There sure are a lot of jerks downtown — but not what you might think. We’re talking jerkbaits for bass fishing - one of your top choices around the manmade structures bolstering waterfront parks, walkways and green spaces.
For topical tips, we talked with Bassmaster Elite Series pro Chris Lane, a past Bassmaster Classic champion and jerkbait aficionado. Lane considers this technique one of his top presentations whenever he’s working a downtown waterfront — particularly in the wintertime.
“A downtown waterfront can be a good wintertime opportunity because you have seawalls, riprap and solid concrete and rock structures which brings in the heat on sunny days,” Lane said. “The baitfish push up along the seawall, bridge or pier, and it creates a feeding zone for the bass.”
Also important is the spiraling fingers that occur when current deflects off of, or bends around something solid.
“One of the biggest things about fishing a waterfront area is to look for an eddy,” he said. “You’ll have a straight wall, and then you’ll have a crease where the water has to turn. That’s going to create an eddy.
“You’ll have a long straight area, but either at the front of it, in the middle of it or behind it, there’s going to be some sort of current break. That’s going to be a key area.”
While Lane sees strong similarities in a downtown seawall and the semi-vertical bluffs walls, he points out there also are a couple of prominent differences. For one thing, bluffs typically have some type of overhanging vegetation from which falling insects attract bluegill and other forage species.
Seawalls, on the other hand, are more consistent in form. While bluffs usually comprise some level of subsurface diagonal sloping, often with random rocks and other current-borne debris, seawalls present a straight line from the surface to the bottom.
This tends to keep the fish closer and allows you to work a fairly constant distance.
WHERE TO LOOK FOR DOWNTOWN BASS
At times, you might find bass anywhere along any seawall, but Lane notes that certain features increase the probability.
Interruption points - From a distance, seawalls may appear to be a continuous mass, but up close, we often find alternating gaps, which bolster structural integrity. Anglers also find this design feature advantageous.
“Very seldom will you a seawall that’s straight,” he said. “They all have those channels that run down about every two feet.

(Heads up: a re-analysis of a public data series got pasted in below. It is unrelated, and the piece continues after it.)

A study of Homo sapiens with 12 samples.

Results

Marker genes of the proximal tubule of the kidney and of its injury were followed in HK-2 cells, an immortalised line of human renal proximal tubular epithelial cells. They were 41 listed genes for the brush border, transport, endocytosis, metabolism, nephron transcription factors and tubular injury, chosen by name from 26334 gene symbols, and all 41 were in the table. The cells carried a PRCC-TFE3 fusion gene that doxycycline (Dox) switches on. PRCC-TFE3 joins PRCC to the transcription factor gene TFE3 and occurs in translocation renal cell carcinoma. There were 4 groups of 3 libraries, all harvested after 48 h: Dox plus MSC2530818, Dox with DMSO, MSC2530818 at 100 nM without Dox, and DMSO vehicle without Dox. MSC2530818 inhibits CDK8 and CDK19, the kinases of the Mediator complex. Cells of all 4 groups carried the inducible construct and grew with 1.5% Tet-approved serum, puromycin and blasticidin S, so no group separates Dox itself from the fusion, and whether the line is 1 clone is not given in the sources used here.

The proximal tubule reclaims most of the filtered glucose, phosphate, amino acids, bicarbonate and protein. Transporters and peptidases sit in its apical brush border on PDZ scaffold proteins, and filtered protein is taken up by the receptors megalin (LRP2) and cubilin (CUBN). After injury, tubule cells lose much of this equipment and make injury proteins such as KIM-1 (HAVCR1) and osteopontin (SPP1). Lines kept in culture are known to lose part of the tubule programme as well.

“If there’s water flowing it creates eddies and it provides a place for baitfish to hide. A lot of times, that’s where the bass will ambush the bait. I’ve seen that all the way from Pickwick Lake up to Lake Champlain.”
In the breeze — Windward banks are always worth exploring, but seawalls amplify the notion.
“If you have wind blowing against a seawall, that’s a solid source,” Lane said. “So, it’s going to be pushing the baitfish onto the seawall. Wind also pushes bugs and other (small forage) up to the seawall and that attracts bluegill in addition to smaller baitfish.”
As Lane points out, a seawall presents a finality that keeps the action close at hand. Wind-driven forage gets held by this rigid sideline and that provides a distinct advantage for bass.
“There’s no where else to go, whereas with rock, grass and other structure, the water’s going to push back into it and scatter out the baitfish,” Lane said. “A seawall is solid and it’s not going to move. The water can’t disperse.”
Bridges - Whether it’s a major river crossing or a local linkage, bridges commonly complement downtown waterfronts with additional water-breaking, fish-attracting structure.
Don’t just settle for the windward side; work all four sides, particularly the corners. Remember the importance of eddies, so don’t hesitate to pull back off the piling’s down current side to see who might be using this water dynamic for an easy feed.
Jerkbaits are especially effective this time of year, as they convincingly mimic baitfish stunned by falling water temperatures. Proximity matters, so keep your bait in the strike zone — even if it varies vertically.
“The ambush point is on the wall, so the closer I can get to the seawall the better,” Lane said. “I usually want to fish horizontally, so I’ll position my boat close to the wall, make long casts and work my bait along that edge.”
Eddies tend to push the action farther from the seawall, so Lane allows sufficient space to thoroughly work these concentrated areas.
Lane fishes his jerkbaits on a 6-foot-6 medium-heavy rod with a 6.3:1 reel and 10- to 12-pound fluorocarbon line. He’ll typically start with a twitch-twitch-twitch-pause cadence and adjust as needed to match the conditions and fish disposition.
In colder water, single twitches and longer pauses may be what the fish need; whereas a peppier pace might be the deal for warming trends. Somewhere in between, he’ll dial in the day’s preference.
Lane keeps his color selection simple, with black back shad patterns handling most winter scenarios. In exceptionally clear water, he’ll go with translucent baits, while a little stain may warrant something more eye-catching, like a purple/chartreuse paint job.